I have learned that the most important thing in any interdisciplinary discussion is communication. When I wrote my senior honors thesis-- with readers from two very different departments-- I learned that I needed definitions of even the smallest bits of jargon and field-specific vocabulary. The same goes for any such discussion. When two worlds collide-- whether it be in the field of faith, of science, of ideology, or any mix-- communication is a must. So I’m devoting this post to communication and a few practical tips for improving communication between groups, people, and ideologies--especially those that seem to naturally disagree--
1. Humility. No one is right about everything. And the only way we learn is to recognize this. Even if you’re trying to teach, inform, or persuade-- you will get more flies with honey than with vinegar.
Jesus himself was humble. He did not go where He was not wanted and did not push his beliefs on those who did not want to listen. His disciples were taught to do the same-- in fact, to leave town and “shake the dust off their feet” when they were not received and welcomed. This doesn't mean we don't stand up for our beliefs, but it does mean that our audience matters-- and that we shouldn't expect people who don't believe the way we do to subscribe to our views.
In science or any academic field, different disciplines have different criteria for what counts as evidence or sound data. I have seen too many professors scoff at other areas because another field did not use as “stringent” criteria as the field they were in. Different is not better or worse. Just because you don’t see the value in an area doesn’t mean it lacks value. Humility and openness do a world of good.
2. Clarity. We are all representatives of our respective groups. And we are all members of many groups. Don’t talk idly. Say things that matter. be clear. (And in your clarity, stay humble.) Define your terms. Say what you mean and mean what you say. You don’t like the term “feminist”? Why? You're skeptical of a specific scientific field or new methodology? Let’s talk about things. Intelligent conversations don’t have to turn into debates. When we’re humble and clear-- we are open to new possibilities and learning can take place. We may never agree-- but we can understand-- and that is one step closer to a better world.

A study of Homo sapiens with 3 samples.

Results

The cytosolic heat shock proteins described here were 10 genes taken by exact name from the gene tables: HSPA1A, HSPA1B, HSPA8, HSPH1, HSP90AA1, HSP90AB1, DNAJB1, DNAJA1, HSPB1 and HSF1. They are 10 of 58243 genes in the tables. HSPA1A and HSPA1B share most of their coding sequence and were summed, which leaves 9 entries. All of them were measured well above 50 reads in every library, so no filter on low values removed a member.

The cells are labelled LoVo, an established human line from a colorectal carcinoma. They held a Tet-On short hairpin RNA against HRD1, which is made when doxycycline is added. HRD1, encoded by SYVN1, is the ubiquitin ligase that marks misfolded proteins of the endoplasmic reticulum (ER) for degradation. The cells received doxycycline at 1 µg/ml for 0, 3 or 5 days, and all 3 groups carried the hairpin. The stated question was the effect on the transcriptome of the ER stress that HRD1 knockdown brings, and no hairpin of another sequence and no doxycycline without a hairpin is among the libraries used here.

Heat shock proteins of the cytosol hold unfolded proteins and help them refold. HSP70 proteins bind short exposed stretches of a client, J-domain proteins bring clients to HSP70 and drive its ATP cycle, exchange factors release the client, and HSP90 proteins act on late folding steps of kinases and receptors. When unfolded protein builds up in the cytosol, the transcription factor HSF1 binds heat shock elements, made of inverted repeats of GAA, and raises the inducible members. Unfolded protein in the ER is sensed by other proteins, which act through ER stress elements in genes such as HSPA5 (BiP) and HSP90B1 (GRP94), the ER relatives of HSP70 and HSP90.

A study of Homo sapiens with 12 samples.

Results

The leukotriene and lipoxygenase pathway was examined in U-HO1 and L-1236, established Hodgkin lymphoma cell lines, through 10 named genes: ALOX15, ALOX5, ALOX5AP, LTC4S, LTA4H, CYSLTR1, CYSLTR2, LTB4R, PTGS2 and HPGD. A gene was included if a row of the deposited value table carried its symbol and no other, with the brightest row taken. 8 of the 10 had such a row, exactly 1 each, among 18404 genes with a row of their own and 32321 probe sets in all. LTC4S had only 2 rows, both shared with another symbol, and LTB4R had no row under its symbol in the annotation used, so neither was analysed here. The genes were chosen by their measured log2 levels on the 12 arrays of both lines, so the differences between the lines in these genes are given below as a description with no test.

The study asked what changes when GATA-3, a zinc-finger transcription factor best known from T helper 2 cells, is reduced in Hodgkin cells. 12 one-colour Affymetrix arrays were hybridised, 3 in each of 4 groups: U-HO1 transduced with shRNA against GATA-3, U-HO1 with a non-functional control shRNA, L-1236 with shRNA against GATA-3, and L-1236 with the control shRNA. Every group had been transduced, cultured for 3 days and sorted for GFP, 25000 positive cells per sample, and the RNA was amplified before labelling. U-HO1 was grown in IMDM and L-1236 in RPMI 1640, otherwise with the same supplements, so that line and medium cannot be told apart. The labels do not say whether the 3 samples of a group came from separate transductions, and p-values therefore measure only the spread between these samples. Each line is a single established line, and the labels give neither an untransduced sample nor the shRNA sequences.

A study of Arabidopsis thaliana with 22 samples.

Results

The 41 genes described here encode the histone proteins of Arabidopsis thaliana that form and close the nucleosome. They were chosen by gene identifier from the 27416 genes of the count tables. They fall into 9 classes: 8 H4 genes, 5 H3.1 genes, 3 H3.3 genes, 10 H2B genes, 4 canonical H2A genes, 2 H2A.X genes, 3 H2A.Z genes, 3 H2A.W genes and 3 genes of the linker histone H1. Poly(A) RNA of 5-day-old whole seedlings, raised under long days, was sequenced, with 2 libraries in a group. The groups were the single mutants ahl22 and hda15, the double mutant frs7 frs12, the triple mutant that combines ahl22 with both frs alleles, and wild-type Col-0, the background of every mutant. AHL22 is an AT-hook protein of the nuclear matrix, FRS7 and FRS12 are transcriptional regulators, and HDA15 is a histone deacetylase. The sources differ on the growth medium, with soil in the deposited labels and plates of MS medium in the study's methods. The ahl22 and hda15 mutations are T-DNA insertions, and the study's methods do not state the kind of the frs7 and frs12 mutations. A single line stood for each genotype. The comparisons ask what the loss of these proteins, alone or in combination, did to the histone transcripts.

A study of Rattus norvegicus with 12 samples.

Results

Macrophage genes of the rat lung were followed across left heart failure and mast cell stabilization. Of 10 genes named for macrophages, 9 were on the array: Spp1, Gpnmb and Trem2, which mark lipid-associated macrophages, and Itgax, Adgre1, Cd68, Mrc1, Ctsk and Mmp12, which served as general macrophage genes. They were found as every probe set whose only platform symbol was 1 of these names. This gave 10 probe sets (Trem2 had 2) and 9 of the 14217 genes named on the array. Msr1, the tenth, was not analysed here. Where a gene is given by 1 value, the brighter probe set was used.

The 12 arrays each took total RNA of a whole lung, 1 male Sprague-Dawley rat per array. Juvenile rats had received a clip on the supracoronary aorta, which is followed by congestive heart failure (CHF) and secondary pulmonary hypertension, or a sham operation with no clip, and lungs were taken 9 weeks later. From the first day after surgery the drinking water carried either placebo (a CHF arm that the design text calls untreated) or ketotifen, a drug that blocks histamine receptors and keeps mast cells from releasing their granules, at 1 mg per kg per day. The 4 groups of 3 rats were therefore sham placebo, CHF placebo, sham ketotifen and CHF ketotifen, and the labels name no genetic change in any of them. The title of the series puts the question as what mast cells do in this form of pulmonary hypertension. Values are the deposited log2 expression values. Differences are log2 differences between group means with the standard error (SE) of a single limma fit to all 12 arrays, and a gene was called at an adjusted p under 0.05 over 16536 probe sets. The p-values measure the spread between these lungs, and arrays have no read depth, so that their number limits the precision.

3. “I’m sorry.” This goes back to humility. Again, we are all representatives of our respective groups. And those groups have all been hurt and hurt others. The public is sometimes mistrustful of science-- science has sometimes done bad things. People (and science) are often mistrustful of religion-- religion has sometimes done bad things. And we are all the victim of the simple fact that most of us are represented by the media’s portrayal of our group- whatever it may be. Sometimes, “I’m sorry” is the best thing we can say. “No, I don’t believe x is right-- but I’m sorry that people of my group have said that or done that.” This is a powerful statement of both clarity and humility. We are all individuals. We all hold beliefs. And we should all hold our respective groups accountable for their actions. We can discuss, even debate, as passionately as we like. But we should do so in love. We should do so with the other person's best interest at heart. And it is possible to approach anything in such a way as to make everyone feel that their views matter.
If we want politicians to care about science (and to support environmental protections, funding for research, etc)-- we need people to care about science and use their vote accordingly. As scientists, we then need to communicate with many different people groups about the importance of science. This may mean bridging relations with conservative and/or religious groups. Not that it will change our message- but that we can be big enough to apologize for times when members of these groups have not been treated with respect, and that we will hold ourselves and members of our group to a higher standard.
No matter what group you're a part of-- we all have a lot of work to do to facilitate understanding and communication to reach our goals.
But here's the good news: it can be done. Communication bridges gaps. Communication forms community.